Forensic experts have identified 78 of the 97 people who died as they tried to escape a raging nightclub fire, the governor said. Meanwhile, investigators were focusing in part on the soundproofing material that burst into flames, and trying to determine if the panels were made of a highly flammable polyurethane foam.

At a news conference late Monday, Gov. Don Carcieri said he expected the bodies of the other 19 victims to be identified but warned it could take longer and require DNA samples.

Investigators in the West Warwick nightclub tragedy were awaiting a lab analysis to determine exactly what the soundproofing tiles were made of. State law bars flammable acoustic material from the walls of gathering spaces such as bars and clubs.

"If it was (polyurethane), then the governor's going to want an answer to the question, 'Why was it there?"' the governor's spokesman, Jeff Neal, said Monday.

As they worked, thousands of people turned out to mourn the victims who died in the inferno last Thursday at The Station.

The fire began last Thursday during the first song of the night by the band Great White. Pyrotechnics apparently set fire to soundproofing behind and above the stage, sending flames ripping through the club in minutes.

The band has said it had permission to use the special effects, a claim disputed by the club's owners.

Some soundproofing experts who have seen television video of the disaster said that because the building was quickly engulfed by flames and awash in black smoke, they believe the material used at The Station was polyurethane foam -- a commonly used, inexpensive alternative to fire-resistant panels many experts prefer.

"It's a common mistake many people make, not evaluating their materials," said P.J. Nash, a national soundproofing distributor based in San Diego, Calif. "Polyurethane foam is extremely flammable, and if you breath that smoke, it's going to knock you out in a minute."

A polyurethane panel typically costs about $150 while a melamine panel, which experts say withstands heat and is tested for fire resistance, sells for nearly $250.

The club passed a fire inspection Dec. 31, but it wasn't clear if the soundproofing material was checked or would normally be during a routine inspection. West Warwick Fire Chief Charles Hall declined comment on the investigation.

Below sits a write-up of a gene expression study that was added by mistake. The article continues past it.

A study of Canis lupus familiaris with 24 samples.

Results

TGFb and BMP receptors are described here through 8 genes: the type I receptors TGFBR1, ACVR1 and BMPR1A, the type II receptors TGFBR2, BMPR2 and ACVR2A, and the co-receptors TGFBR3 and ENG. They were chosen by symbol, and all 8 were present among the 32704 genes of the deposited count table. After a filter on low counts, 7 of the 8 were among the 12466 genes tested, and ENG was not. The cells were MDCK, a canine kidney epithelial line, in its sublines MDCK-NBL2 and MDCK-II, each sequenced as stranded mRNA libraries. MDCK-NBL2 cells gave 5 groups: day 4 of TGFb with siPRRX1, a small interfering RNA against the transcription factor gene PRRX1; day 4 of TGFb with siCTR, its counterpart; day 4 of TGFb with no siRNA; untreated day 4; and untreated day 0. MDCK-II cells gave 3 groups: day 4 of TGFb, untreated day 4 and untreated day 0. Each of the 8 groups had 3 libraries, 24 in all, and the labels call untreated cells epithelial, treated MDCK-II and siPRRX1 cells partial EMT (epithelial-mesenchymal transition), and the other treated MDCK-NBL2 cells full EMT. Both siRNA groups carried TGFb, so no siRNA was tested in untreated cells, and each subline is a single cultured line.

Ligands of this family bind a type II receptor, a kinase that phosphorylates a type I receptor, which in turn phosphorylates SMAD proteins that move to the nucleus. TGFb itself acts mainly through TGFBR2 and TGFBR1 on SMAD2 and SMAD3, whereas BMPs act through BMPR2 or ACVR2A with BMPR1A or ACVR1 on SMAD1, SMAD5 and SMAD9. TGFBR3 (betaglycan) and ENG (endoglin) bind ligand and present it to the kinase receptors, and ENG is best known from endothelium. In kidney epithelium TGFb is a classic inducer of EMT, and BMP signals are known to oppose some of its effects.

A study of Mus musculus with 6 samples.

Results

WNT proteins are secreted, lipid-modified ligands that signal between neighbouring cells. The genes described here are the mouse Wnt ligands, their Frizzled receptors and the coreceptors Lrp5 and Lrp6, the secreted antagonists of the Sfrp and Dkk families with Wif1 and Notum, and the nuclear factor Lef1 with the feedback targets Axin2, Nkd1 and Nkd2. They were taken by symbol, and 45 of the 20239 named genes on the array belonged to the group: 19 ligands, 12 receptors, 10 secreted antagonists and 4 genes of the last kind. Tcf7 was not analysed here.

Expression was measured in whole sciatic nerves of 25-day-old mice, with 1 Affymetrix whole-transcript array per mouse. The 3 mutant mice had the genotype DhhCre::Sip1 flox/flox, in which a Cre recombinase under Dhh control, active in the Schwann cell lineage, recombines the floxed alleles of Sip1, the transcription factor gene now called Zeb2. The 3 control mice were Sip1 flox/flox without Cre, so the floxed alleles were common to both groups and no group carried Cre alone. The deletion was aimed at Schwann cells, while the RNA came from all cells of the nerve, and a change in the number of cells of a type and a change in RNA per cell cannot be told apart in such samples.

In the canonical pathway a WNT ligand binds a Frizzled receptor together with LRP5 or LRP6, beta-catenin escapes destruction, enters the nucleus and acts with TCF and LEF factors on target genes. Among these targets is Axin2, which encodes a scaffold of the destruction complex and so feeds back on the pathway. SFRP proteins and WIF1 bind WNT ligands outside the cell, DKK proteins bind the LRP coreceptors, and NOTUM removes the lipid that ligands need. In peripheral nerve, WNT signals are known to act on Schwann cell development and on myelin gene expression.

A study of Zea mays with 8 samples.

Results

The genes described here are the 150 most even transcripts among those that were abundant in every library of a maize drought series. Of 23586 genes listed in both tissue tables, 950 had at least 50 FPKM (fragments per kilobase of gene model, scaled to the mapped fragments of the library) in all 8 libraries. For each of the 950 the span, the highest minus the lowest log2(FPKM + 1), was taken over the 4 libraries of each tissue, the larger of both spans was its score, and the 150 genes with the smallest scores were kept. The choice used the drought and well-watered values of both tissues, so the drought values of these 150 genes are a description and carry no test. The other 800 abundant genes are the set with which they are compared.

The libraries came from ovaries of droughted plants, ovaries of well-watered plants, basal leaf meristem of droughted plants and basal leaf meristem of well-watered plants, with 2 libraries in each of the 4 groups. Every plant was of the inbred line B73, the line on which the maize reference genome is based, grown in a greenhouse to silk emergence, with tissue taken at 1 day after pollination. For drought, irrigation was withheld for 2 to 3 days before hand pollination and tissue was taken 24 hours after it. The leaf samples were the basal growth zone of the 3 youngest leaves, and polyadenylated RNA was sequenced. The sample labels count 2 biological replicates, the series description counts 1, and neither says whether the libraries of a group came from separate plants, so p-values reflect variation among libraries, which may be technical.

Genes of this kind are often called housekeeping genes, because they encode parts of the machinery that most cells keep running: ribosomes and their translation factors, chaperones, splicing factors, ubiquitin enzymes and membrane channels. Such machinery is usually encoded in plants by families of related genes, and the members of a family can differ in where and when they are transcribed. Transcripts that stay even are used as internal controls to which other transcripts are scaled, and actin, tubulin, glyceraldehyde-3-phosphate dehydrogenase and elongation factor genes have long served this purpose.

State Attorney General Patrick Lynch wouldn't comment Monday on whether the material had been identified but said: "It's certainly one of the elements we're looking at."

In West Warwick, 15 miles southwest of Providence, thousands of friends and relatives -- many with tears in their eyes -- gathered at the city's civic center to remember the 97 victims.

"All of us who were raised in West Warwick who attended local schools and who make our homes here are grieving especially. This is a tragedy that will take years for our close knit community to come to grips with," state House Speaker William Murphy said.

About a dozen school bus drivers came to say goodbye to one of their colleagues, Robert Reisner, 29, who was remembered as a rock 'n' roll fan who would bend over backward for anyone. They came to the vigil in Reisner's bus.

"There is no doubt in my mind that he was letting people out of the club in front of him," said bus driver Danny Manns. "He was a gentleman."

Earlier in nearby Warwick, hundreds of people packed St. Gregory the Great Church to pay tribute to the victims with songs and prayers. One pastor asked the grieving families to hold up pictures of their lost relatives so mourners can "know for a moment those you loved."

"It's true that some good may come from this disaster, but the event itself is only tragic and will never make sense," the Rev. John E. Holt said at St. Gregory the Great Church.

The governor on Monday announced the creation of a relief fund for people affected by the tragedy and a tip line for anyone who was at the club and had information that might help investigators. The attorney general asked that anyone with photographs or videotape of the club's interior contact his office.

Carcieri has declared a moratorium on pyrotechnic displays at venues that hold fewer than 300 people. Deputy fire marshals began sweeping through Rhode Island clubs Monday.

Authorities have also begun interviewing employees at nightclubs in other states where employees say Great White used pyrotechnics without prior notice. The attorney general wouldn't confirm or deny a broadcast report that a grand jury would convene later this week.

Earlier Monday, Lynch had said one of the club's owners, Jeffrey Derderian, has not answered questions since the fire. The other co-owner, Michael Derderian, has never answered questions, the attorney general said.

"I believe the Derderians might be able to provide some answers that may assist all of us," Lynch said.

Kathleen Hagerty, an attorney for the Derderians, issued a statement Monday saying the brothers had provided information to West Warwick police.

"They want all information to be made available to ensure that a tragedy like this will never happen again. To that end, we have arranged to share information with the Department of the Attorney General, and have been in contact with prosecutors since Friday morning," she said.